Later in March, Gozitan farmer Gianni Attard will appear in front of a Constitutional Court as he is claiming breach of fundamental human rights.
The Malta Independent went to visit the farm in Gharb and spoke to Mr Attard who painfully explained what had happened to his sheep on November of 2012.
“In the morning, at around 9:30am, I was walking in Rabat when suddenly a police car stopped by and ordered me to come inside. We then headed for the police station and they suddenly informed me that they were going to kill my sheep.”
Mr Attard claims he was under lock-up till 4pm of that same day. Once back to his farm next to the Chapel of San Dimitri in Gharb, Gianni Attard found almost half of his sheep stock gone.
Indicating the area which was usually occupied by the culled sheep, Mr Attard said that all he saw was blood stains on the wall.
No less than 216 sheep were killed. According to Mr Attard, most of the killed sheep were pregnant and their worth could some up to some €520,000.
Following this event, Gianni Attard’s lawyers have presented the case to appear in front of the Constitutional Court. They told this newsroom that their case is based on the breach of fundamental human rights, including illegal arrest.
Gianni Attard insists that the claim that the court has ordered the execution of the rest of the sheep is not true.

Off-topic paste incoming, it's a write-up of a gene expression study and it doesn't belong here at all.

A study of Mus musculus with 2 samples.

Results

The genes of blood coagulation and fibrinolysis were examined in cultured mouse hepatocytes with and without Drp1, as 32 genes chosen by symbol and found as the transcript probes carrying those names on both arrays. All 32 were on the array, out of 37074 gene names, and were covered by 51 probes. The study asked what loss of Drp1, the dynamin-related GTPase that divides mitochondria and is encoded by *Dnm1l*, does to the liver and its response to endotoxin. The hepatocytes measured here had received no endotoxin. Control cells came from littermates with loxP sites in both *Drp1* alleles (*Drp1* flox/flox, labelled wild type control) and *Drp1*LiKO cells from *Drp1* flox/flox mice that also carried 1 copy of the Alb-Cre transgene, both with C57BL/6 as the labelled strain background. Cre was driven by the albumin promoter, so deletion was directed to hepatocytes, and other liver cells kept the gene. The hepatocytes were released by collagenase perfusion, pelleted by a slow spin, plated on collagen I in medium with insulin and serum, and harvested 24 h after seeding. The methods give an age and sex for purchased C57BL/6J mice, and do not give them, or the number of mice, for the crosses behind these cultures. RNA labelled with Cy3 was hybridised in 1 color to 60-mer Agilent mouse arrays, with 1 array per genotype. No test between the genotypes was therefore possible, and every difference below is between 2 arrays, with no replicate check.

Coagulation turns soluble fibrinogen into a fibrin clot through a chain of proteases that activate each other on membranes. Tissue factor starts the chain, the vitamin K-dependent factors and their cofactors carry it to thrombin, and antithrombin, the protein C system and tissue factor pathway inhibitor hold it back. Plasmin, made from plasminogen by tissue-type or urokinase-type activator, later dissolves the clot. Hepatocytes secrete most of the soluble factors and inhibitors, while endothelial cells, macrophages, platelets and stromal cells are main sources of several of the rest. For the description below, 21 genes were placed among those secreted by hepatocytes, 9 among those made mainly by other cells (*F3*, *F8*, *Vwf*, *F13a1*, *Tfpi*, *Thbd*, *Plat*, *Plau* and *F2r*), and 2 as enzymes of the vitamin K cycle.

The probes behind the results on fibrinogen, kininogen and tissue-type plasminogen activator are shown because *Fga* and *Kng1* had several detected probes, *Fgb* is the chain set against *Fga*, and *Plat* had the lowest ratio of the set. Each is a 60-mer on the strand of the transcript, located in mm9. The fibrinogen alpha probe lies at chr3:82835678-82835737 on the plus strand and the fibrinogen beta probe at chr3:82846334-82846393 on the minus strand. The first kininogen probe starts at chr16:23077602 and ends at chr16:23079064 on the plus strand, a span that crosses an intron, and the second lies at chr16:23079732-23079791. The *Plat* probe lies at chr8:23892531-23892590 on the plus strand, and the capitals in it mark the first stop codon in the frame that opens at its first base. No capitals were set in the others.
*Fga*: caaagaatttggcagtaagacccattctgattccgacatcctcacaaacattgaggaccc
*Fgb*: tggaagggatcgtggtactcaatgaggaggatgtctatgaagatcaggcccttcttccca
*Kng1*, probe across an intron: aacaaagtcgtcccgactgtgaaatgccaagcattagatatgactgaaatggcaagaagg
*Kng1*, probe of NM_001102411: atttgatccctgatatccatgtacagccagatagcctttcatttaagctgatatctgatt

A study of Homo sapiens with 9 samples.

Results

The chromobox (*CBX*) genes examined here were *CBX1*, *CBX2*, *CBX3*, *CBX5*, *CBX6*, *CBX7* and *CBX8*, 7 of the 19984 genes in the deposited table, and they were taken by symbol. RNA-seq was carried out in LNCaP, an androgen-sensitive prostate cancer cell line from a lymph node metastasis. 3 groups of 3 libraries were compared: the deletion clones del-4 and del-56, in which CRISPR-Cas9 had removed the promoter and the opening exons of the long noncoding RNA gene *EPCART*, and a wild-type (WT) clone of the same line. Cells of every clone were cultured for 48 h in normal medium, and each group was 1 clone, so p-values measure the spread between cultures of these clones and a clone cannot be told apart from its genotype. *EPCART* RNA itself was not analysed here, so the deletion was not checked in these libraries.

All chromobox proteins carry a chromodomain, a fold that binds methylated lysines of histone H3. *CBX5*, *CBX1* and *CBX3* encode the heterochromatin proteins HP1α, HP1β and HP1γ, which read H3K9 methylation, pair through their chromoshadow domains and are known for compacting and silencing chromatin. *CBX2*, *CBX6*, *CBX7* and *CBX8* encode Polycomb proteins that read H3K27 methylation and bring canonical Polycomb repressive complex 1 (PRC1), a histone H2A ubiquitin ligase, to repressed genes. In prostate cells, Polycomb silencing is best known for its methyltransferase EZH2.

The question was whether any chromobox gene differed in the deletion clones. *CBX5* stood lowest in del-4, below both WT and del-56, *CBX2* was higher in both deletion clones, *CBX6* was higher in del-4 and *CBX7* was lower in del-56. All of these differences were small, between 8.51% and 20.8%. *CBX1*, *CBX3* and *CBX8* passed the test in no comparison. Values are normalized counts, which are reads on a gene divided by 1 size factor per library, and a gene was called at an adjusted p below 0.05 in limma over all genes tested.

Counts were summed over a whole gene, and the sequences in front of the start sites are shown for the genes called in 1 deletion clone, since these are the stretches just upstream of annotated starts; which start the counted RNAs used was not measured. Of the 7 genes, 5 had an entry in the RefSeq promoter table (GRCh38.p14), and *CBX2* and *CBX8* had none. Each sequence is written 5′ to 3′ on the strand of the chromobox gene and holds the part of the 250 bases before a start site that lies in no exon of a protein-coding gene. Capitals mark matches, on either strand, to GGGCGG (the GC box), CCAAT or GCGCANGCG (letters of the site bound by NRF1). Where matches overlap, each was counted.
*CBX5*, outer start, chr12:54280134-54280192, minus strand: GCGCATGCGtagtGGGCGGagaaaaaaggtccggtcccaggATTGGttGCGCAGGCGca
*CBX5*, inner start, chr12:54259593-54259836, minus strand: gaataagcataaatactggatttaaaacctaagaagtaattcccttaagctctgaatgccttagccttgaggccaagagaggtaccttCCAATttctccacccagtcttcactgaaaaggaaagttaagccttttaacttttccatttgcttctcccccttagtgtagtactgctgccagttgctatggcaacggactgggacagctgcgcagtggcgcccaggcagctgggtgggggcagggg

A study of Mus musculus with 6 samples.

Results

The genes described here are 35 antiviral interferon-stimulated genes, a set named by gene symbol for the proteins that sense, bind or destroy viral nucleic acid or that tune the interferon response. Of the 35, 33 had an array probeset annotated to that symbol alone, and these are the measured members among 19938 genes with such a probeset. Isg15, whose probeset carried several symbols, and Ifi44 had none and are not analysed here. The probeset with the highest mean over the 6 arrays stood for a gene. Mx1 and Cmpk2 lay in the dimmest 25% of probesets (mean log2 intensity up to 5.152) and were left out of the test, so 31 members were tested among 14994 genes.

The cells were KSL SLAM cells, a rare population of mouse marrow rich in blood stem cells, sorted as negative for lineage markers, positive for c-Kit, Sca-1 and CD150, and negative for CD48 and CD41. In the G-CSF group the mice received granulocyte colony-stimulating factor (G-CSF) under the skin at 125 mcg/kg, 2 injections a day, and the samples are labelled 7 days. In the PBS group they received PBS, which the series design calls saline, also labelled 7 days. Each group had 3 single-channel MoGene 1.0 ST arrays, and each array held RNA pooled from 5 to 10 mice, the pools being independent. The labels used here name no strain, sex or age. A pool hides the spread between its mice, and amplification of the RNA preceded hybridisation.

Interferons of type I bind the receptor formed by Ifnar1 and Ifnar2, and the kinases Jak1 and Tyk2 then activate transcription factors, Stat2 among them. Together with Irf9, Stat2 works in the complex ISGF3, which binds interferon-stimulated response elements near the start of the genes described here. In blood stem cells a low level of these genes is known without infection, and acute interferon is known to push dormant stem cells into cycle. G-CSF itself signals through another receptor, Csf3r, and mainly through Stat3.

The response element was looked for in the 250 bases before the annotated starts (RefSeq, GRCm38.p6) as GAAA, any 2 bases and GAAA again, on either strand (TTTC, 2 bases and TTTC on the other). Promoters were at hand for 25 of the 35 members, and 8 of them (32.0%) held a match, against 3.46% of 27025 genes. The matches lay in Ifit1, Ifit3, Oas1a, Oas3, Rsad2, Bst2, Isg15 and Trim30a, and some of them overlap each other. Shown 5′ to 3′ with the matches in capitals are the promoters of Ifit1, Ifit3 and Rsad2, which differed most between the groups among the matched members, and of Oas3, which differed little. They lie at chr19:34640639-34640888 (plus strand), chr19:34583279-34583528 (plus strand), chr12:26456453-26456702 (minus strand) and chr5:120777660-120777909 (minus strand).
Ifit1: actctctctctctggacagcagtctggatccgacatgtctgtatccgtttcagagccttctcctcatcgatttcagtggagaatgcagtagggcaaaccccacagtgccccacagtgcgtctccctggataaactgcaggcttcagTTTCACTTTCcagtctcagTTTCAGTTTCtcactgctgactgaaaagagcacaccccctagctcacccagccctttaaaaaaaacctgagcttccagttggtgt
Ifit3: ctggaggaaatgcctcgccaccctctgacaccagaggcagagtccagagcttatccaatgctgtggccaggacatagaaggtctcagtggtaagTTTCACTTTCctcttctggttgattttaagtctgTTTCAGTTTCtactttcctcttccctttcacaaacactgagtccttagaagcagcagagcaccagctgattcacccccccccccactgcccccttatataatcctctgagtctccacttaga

The Veterinary Department has said that the sheep had to be killed because the test could only be acquired once the animal is put down. Also, it appears that the same department deems every animal which is not registered as sick because its roots are not traced.
It appears that, according to results of samples by the Veterinary Services Department, none of the 216 sheep culled in 2012 were actually sick. In court, veterinary surgeon Frank Galea had testified that the sample from brain stems resulted negative to Mad Cow Disease.
Gianni Attard’s farm in Gharb is always guarded by two police officers 24 hours a day seven days a week. He said they were collectively being paid more than €500 per day. It is estimated that the Maltese taxpayers have already paid more than €600,000 for three years of constant surveillance.
Sunday’s speech by Prime Minister Joseph Muscat also focused on the controversial sheep-culling case of farmer Gianni Attard, saying that it has been made known that Mr Attard never met or spoke with Dr Muscat, meaning that the Prime Minister could have never promised anything to the farmer. This shows how Dr Busuttil has been caught out in a lie, he said.